Owen Wilson has made a very good living out of being a 30-something man acting like an over grown teenager. He continues down the same road here as Dupree, an immature, laugh-a-minute guy.
As the film opens, Dupree shows up on the wrong Hawaiian Island for best friend Carl's (Matt Dillon) wedding to Molly (Kate Hudson). This isn't a huge mistake, but it does make it clear that Dupree doesn't pay attention to details.
The newlyweds return home to start their life together. But, before they have a moment of privacy, Dupree shows up at their door carrying everything he owns with a bike and a moosehead being most prominent.
Molly is a school teacher and Carl works for his father-in-law, Mr. Peterson (Michael Douglas) as a housing developer. Peterson hates Carl and sabotages his projects and makes him work late to manage developments that Peterson finds fault with. Since Dupree has no job and nowhere to go and Carl is never home, Molly begins finding the once just-tolerated Dupree, a little more charming.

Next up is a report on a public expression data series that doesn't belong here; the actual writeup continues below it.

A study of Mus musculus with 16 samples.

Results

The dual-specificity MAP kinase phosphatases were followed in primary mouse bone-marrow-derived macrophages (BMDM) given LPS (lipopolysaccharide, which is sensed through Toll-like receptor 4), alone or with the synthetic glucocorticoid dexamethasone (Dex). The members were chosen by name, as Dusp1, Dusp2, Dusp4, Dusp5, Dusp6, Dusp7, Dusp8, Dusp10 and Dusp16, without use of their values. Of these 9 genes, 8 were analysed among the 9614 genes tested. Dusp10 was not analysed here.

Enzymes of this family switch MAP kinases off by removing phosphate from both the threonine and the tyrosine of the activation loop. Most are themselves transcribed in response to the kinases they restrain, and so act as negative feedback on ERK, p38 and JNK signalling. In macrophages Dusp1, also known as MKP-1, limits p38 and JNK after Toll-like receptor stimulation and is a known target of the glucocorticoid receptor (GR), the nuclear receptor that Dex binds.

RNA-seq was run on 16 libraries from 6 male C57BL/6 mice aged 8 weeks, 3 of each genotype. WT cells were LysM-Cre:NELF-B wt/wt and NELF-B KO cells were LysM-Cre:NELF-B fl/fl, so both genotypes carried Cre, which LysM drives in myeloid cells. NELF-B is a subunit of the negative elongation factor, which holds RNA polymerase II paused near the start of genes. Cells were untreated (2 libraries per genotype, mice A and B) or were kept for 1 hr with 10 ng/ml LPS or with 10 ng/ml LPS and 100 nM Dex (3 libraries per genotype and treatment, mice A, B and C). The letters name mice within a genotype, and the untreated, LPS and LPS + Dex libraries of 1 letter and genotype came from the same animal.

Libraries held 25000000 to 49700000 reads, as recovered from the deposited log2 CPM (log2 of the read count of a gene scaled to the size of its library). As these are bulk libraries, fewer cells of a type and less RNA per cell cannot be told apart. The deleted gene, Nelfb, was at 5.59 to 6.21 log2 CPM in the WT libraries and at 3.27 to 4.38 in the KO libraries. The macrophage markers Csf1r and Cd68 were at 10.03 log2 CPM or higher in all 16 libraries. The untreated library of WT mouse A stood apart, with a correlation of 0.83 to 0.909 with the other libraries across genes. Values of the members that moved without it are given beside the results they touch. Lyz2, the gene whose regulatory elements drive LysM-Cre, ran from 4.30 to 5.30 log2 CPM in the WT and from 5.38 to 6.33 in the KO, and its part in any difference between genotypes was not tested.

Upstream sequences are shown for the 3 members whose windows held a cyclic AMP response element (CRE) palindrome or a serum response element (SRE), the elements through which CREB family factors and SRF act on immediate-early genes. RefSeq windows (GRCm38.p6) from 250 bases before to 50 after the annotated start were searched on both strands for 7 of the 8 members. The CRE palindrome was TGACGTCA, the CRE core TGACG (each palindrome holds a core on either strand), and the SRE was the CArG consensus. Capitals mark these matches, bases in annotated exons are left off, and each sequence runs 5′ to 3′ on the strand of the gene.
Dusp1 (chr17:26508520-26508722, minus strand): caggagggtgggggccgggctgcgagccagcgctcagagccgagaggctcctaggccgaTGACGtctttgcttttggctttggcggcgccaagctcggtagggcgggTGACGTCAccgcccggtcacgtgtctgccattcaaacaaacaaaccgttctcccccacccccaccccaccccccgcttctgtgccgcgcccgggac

Dupree seems to have time to do everything that Carl doesn't. He plays ball with the neighborhood kids, he's in the kitchen with Molly showing her some new recipes and he even writes poetry for goodness sakes! The once best friend suddenly turns into quite a problem for Carl.
Hudson is cute and Dillon makes a good frazzled, put-upon friend. However, the film all revolves around Wilson. His character is endearing at times, just when his antics get out of control and we are about to scream "enough already," he does or says something sweet. How can you not like the guy?
There are a few laughs and the obligatory gross sexual and bathroom sight gags, which are getting old. But, if you're a fan of Wilson, that's the best and only reason to see You, Me and Dupree.